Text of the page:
Chiral Magnetic Skyrmions and Bobbers at Interfaces

Physikalisches Kolloquium

The spin-orbit interaction is a small but extremely important interaction in the context of magnetism and spintronics giving rise to important static, dynamical and transport properties. In this presentation I start with an extended introduction focusing on the role of the spin-orbit interaction for the formation of non-collinear spin-structures with emphasis on the chiral symmetry breaking Dzyaloshinskii-Moriya interaction [1], whose competition to the exchange interaction may lead to the formation of chiral magnetic skyrmions [2] and bobbers [3] at the interfaces and surfaces. I propose an experimental path to observe the topological orbital moments in skyrmions. I outline a three-scale approach, which relates the microscopic theory of magnetic interactions as obtained by density functional theory, via a spin-lattice model to a micromagnetic models. I report on a recently introduced micromagnetic classification scheme [4] partitioning chiral magnets into isotropic rank-three DM bulk and rank-two DM film magnets, and anisotropic rank-two and rank-one DMI film magnets, where skyrmions and antiskyrmions can coexist even of the same energy. I provide examples of designing interactions to get skyrmions ready for technology and provide an outlook of an race track memory design based on the coexistence of different particles.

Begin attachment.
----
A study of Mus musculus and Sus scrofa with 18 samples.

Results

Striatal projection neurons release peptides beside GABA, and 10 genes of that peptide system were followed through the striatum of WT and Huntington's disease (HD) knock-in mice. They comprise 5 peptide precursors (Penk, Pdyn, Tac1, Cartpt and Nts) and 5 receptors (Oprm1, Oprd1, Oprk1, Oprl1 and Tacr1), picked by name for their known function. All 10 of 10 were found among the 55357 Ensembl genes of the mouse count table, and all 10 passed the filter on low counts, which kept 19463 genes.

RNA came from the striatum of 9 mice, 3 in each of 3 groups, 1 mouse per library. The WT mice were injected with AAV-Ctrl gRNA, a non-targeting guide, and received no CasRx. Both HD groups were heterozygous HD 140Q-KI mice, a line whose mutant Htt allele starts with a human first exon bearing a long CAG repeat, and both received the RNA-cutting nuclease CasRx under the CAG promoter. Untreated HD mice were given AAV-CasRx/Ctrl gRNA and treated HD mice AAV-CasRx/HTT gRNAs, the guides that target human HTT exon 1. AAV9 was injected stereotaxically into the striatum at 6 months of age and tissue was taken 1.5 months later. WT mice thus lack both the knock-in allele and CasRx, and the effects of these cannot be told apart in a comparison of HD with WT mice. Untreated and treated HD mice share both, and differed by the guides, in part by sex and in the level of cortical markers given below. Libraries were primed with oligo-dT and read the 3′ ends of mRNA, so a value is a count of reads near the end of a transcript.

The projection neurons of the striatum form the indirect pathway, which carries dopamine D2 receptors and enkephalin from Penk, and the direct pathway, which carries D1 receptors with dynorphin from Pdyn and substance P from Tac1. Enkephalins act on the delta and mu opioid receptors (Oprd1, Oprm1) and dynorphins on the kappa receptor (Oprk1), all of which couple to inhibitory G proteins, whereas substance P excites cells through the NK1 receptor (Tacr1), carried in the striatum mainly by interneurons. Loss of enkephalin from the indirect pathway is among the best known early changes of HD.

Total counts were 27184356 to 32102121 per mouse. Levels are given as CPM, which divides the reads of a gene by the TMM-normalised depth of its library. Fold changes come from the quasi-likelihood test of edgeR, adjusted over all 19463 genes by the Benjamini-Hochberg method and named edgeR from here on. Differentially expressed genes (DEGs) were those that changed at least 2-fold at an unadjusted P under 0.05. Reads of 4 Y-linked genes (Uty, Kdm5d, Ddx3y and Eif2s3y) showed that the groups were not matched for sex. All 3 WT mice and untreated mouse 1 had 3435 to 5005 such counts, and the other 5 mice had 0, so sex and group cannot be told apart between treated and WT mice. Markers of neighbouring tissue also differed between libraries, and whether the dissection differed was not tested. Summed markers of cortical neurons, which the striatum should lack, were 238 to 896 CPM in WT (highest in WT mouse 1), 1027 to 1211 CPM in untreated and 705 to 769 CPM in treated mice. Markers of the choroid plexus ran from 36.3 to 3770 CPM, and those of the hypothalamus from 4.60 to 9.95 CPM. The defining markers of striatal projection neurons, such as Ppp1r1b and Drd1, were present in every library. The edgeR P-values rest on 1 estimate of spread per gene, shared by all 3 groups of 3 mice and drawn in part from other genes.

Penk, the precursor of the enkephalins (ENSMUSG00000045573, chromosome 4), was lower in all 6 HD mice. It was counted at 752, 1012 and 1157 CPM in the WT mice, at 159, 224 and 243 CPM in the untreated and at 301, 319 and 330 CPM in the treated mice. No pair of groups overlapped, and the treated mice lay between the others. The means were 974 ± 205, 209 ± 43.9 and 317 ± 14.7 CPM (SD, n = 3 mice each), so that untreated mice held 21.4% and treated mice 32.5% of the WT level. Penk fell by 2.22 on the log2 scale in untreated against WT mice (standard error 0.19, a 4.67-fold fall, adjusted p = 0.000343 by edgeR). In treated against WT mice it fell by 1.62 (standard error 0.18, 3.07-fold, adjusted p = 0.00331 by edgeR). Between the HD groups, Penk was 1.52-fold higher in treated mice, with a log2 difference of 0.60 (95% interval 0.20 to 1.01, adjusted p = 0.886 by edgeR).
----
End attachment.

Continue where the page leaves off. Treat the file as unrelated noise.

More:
Acknowledgement: The work was carried out in collaboration with Markus Hoffmann, Hongying Jia, Nikolai Kiselev, Christof Melcher, Gideon Müller, Filipp N. Rybakov, and Bernd Zimmermann. I acknowledge Miriam Hinzen, Hannes Jònsson and Yuriy Mokrousov for fruitful discussions and computing time on the JURECA computer provided by the Jülich Supercomputing Centre (JSC) and funding from the European Union’s Horizon 2020 research and innovation programme (grant no. 665095, FET-Open project MAGicSky), the Icelandic Research Fund (grant no. 152483-052), Deutsche Forschungsgemeinschaft (DFG grant no. ME 2273/3-1) and JARA-FIT.


       [1]   M. Bode, M. Heide, K. von Bergmann, S. Heinze, G. Bihlmayer, A. Kubetzka, O. Pietzsch, S. Blügel, R. Wiesendanger, Nature 447, 190 (2007).

       [2]   S. Heinze, K. von Bergmann, M. Menzel, J. Brede, A. Kubetzka, R. Wiesendanger, G. Bihlmayer, and S. Blügel, Nature Physics 7, 713 (2011).

       [3]   F. N. Rybakov, A. B. Borisov, S. Blügel, N. Kiselev, Phys. Rev. Lett. 115, 117201 (2015).

       [4]   M. Hoffmann B. Zimmermann, G. P. Müller, D. Schürhoff, N. S. Kiselev, Ch. Melcher, S. Blügel, Nature Communications 8, 308 (2017).